Looking out, looking in

A criticism of the intentional community movement is that, while condemning all the ills of the outside world, it draws too much within itself to escape. We all know the stereotype: a bunch of well-meaning do-gooders hole themselves away in the mountains, creating their own private and completely irrelevant utopia.

Aware of this dynamic and especially in spite of recent events, we definitely need to apologize for our long silence after the Barnraising Tour.  The truth is though that after such a significant outreach effort last fall we have necessarily spent the last few months taking care of business at home.  And what a great deal of business it’s been!  Here are some of the many updates, bringing us right up to today’s current situation:

Our group of Japanese guest visits the developing aquaponic system. They tell us that Koi are indeed eaten in certain parts of Japan.

As we mentioned on tour, we literally started adding our work as a Folk School and Ecovillage to that of the existing tourism-oriented farm right as we walked off the plane in November.  We anticipated the arrival of the whole Cambio di Marea/Mehter group and formal transition steps for the bureaucratic side of the project at Borgo Basino by the end of the year.

The tiny house is a beautiful sight!

As with most things, not all has gone exactly as we planned.  To begin, unfortunately due to some dynamics within the community before their arrival, Cambio di Marea did not all move to the farm. Bea and Stefano are still working on the tiny house and the aquaponics slowly moving forward. For those that are familiar with group process, we’re sure you know that decisions made all together often take longer and require more emotional, spiritual and practical sensitivity than we’d imagine.  In this case, we are still figuring out all of what will shake down but Bea and Stefano and Bernardo send their greetings to everyone we met along the way!

As formal transition steps for the farm were under way, we were also very discouraged to learn that things would be much more complicated that we’d imagined.  We’d been assured that because Federica was already a long-term partner in the previous business there would be relatively few steps to complete a sub-entry for our project.  Unfortunately in the end we’ve had to redo practically everything, as if the business was just starting from scratch. We’ve had to re-certify (and of course pay for) everything from our educational farm accreditation to our organic certification to our number of approved beds. We have just seen the light at the end of that tunnel, but it’s been a several-month slog. You’ll see we’re updating our website to also include more information about all of our work, with the Italian side of things rolling out slowly as well.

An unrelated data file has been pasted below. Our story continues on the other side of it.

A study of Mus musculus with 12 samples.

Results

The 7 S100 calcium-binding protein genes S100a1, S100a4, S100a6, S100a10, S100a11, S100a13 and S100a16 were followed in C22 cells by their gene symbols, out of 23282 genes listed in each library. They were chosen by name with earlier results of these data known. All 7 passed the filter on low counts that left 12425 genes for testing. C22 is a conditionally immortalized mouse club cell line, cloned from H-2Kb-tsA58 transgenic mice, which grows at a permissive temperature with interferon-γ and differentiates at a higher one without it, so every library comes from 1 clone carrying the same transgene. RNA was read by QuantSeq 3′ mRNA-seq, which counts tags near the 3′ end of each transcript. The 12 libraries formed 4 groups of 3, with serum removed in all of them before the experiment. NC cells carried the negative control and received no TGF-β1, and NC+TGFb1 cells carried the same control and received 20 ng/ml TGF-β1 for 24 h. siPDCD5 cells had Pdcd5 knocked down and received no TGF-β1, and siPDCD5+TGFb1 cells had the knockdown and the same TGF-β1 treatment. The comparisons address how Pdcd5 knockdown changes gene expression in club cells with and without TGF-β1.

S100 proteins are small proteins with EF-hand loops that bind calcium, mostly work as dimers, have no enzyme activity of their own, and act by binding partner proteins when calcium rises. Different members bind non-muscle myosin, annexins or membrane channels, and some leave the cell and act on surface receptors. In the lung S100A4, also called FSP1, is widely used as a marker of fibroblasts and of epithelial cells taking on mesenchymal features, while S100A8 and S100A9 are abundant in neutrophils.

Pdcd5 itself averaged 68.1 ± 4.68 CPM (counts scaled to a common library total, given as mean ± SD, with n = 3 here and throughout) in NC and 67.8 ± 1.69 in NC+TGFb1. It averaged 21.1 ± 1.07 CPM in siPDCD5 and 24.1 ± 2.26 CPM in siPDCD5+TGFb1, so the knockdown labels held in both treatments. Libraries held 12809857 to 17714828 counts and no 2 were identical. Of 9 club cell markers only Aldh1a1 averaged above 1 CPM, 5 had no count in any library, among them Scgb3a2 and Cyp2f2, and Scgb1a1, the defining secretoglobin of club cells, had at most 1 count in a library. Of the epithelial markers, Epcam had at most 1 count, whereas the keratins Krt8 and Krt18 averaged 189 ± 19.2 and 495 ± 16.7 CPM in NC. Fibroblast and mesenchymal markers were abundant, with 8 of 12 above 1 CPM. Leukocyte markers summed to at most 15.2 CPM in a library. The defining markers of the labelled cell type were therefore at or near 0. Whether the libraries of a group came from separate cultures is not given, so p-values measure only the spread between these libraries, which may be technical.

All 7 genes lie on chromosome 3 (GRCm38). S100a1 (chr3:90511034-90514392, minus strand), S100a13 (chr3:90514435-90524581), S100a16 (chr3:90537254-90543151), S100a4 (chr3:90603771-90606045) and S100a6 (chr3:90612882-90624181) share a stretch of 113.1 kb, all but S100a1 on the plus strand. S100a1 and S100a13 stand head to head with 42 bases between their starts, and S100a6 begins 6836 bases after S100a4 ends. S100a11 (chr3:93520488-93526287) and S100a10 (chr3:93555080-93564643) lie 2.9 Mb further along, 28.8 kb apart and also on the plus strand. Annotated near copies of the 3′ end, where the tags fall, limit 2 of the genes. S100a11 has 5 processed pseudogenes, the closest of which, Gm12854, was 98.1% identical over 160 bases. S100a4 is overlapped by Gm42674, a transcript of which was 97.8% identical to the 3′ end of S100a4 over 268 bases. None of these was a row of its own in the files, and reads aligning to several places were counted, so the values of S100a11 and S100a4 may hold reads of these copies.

We planted a whole mess of pomegranates over Christmas and are looking forward to their fruits!

Enter coronavirus.  Just as things appeared to be normalizing on the home front, the outside world has come rushing in.  In the last weeks, Italy took drastic steps to curb the virus in key outbreak areas in the Northern part of the country, half a day’s drive from us. In addition to a complete quarantine in these outbreak areas in Lombardia and Veneto, all schools have been closed, including museums, sporting events and other public gatherings in the most affected regions and their neighbors (like us). Luckily Emilia-Romagna has had a few cases but has remained fairly contained so far, knock on wood.  Literally as the story started to break of infection in Italy and people began to panic across the country, a group of Japanese guests arrived at our farm and the US university where I work in Bologna chose to remain open pending further information.  A collision of internal and external affairs!

Our Japanese guests make tagliatelle, a traditional pasta, taking standard safety precautions.

While folks flooded the supermarkets to buy bleach and meat (not kidding. I hear the U.S. penchant is for toilet paper), we tried to proceed with some degree of normalcy.  Unfortunately the many closures, including, I am sorry to say, significant racism against people of Asian descent meant the last weeks were anything but normal as we lead our guest around, but we did our best.  Also my school in Bologna did eventually make the difficult decision to send students back home after the U.S. State Department put a countrywide travel advisory in effect and it looks as if our kids may be out of school for the better part of this month as a precaution.

So here we find ourselves, starting a business focused on external values of travel and intercultural exchange in an era when we are increasingly closing in on ourselves with fears of our dependence on things beyond our control.  As panic reminds us how dependent we are on endless supplies of food at the supermarket, for example, we feel thankful for the work we are doing to be more self-sufficient and indeed teach skills of greater interdependence. We are obviously also very thankful for our health.  As panic begins to grip the US now too, ground zero in our beloved PNW, we see the same echo chambers of views of the outside world get filtered through personal algorithms on our news feeds in another language, again amplifying the same desire to buy and be afraid.  Straddling two worlds and cultures, it’s amazing to compare the cultural differences (T.P. vs. bleach) but also see the common characteristics of tribalism and fear-mongering play out across our species. How do we truly strike the right balance of inner and outer peace, maintaining our own well-being and the health for the greater good? Novel viruses aside, how healthy are we, really?

We certainly don’t have all the answers and more will be revealed, but these are indeed just the kind of questions we hope to be answering with this new venture. You’re welcome to share your thoughts with us as well!